The world is now flooded with books, seminars, and courses on personal growth—many of them good. But how do you know where and when to sign up, or how much you should be spending right now?

For years, I’ve been a self-leadership advocate—encouraging those around me to invest time and money in their personal growth, while practicing the same habit myself.

The concept is solid—if you want to grow, you need to invest in yourself.

The only problem? Execution. I'll admit that my investment is sporadic at best.

After all, how much should you invest in your personal or professional growth?

Brian Tracy answers that question in his book No Excuses, when he breaks down what he calls “The 3 Percent Formula”:

Invest 3% of your income back into yourself, and your earning ability will continue to grow.

For me, this was a light bulb moment.

The 3 Percent Formula makes it easy to budget self-leadership, and it scales—so your investment grows alongside your tangible success.

According to Brian, the most profitable 20% of companies in each field typically set aside 3% of their revenue for training and development—and the investment pays off.

But you don't need to be a Fortune 500 company to reap the rewards of a 3% investment back into your growth.

Here are a few examples of what The 3 Percent Formula looks like, depending on where you’re at in your career:

  • Scenario 1: Annual income = $25,000; 3% = $750 ($62.50 per month).
    Attend a local conference, subscribe to Audible, and read one new book every month.
  • Scenario 2: Annual income = $50,000; 3% = $1,500 ($125 per month).
    Travel to attend a conference, subscribe to Audible, and read two new books every month.
  • Scenario 3: Annual income = $100,000; 3% = $3,000 ($250 a month).
    Travel to multiple conferences, subscribe to Audible, read two books a month, and schedule a mid-year session with a personal business coach.

Other avenues of investment include membership sites, counseling, or a weekend getaway to set (or review) your annual goals.

That’s the beauty of the 3 Percent Formula—committing to an investment that scales helps you keep success from outpacing your skills.

This means you're less likely to burn out, hit a ceiling, or fall behind in your field.

I've adjusted my annual budget.

Now 3% of revenue is set aside for personal development—an investment in myself and my team.

The 3 Percent Formula acts as a budget barometer, making sure you invest sufficient funds in your personal and professional growth.

If you want to grow, you need to invest.

So what are you waiting for? Go ahead and do the math.

Question: What could 3% of your income pay for, which would boost your personal growth?


John Meese is the author of the #1 bestseller Survive and Thrive: How to Build a Profitable Business in Any Economy (Including This One). An entrepreneur himself, John is on a mission to eradicate generational poverty by equipping entrepreneurs with the tools and training they need to build thriving businesses from scratch. He is the CEO of Cowork.Inc, co-founder of Notable, and host of the Thrive School podcast.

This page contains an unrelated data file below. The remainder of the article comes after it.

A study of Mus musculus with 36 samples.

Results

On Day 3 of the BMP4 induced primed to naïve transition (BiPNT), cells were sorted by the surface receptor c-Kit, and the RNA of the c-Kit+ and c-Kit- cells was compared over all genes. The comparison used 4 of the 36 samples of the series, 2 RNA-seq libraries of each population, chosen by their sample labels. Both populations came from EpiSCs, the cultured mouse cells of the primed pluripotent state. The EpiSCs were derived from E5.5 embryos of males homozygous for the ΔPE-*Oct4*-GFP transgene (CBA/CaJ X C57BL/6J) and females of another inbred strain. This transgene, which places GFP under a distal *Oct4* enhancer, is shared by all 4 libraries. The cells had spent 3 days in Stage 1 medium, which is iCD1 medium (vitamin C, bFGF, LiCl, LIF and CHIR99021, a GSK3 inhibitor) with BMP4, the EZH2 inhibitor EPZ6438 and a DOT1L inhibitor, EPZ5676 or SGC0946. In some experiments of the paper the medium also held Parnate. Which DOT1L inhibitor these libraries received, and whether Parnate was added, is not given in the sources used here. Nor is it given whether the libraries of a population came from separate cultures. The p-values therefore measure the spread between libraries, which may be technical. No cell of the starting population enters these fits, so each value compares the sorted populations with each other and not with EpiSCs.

10 thoughts on “How Much Should You Invest in Your Personal Growth Every Year?

  1. I love this article. I have often wondered how much I should spend on investing into myself. Thank you for sharing! I struggle with investing in myself when I have other needs to take care of as a father, and husband. What resonated with me was the point of investing in yourself will increase your financial prosperity. You did not directly mention it, but it will also improve your emotional success as well.

  2. John that was really illuminating. I’m going to start right out. Thanks for sharing your wisdom with us. Blessing
    Ishmael Sevor.

    1. So glad to hear it, Ishmael! Make personal growth a priority investment, and you’ll soon reap the rewards.

  3. Don’t forget to recommend that people take advantage of all the pre-paid learning they have available through the public library. I download audiobooks and ebooks along with using traditional material, and even when they don’t own a business book I want to read sometimes they will purchase it or borrow it from another library if I request it.

    1. That’s a great way to find more self-growth resources, Faith! I still think committing to invest money at some point is necessary. High-impact events, resources, or people cost money, and the financial investment adds a psychological motivation to follow through.

  4. I really love this concept John! Before I became self-employed, this came naturally to me. Now that I’m self-employed, I tend to want to focus on the business more–as there are so many different parts to it and things to do. If you can’t afford 3% at the moment don’t forget to embrace podcasts (free), your library (also free), meeting people for coffee and the awesome tool to connect people together–Skype. Really appreciate the reminder.

    I love what you are doing and would love to talk with you soon–and apply my Skype concept in action 🙂 haha

    1. Thanks Jim! Yes, it’s easy to get caught up in running a business and forget to invest money in yourself. Don’t let that opportunity slip by!

      Also, I’d love to meet! Click Here to pick a time when we can chat (though preferably via Google Hangouts, since I don’t use Skype).

  5. This is a great insight on personal development John. Given the cost of seminars and workshops these days, I have chosen to subscribe to less costly platforms such as Michael Hyatt’s Platform University, the buying of books and free webinars. As my platform continues to grow, I will definitely be investing in elite seminars and workshops that suit and cater for the growth needs of my platform.

    Thanks for sharing. God bless

    1. Your very welcome, Jeff. This principle will help me scale my personal growth investment, and I hope it does the same for you!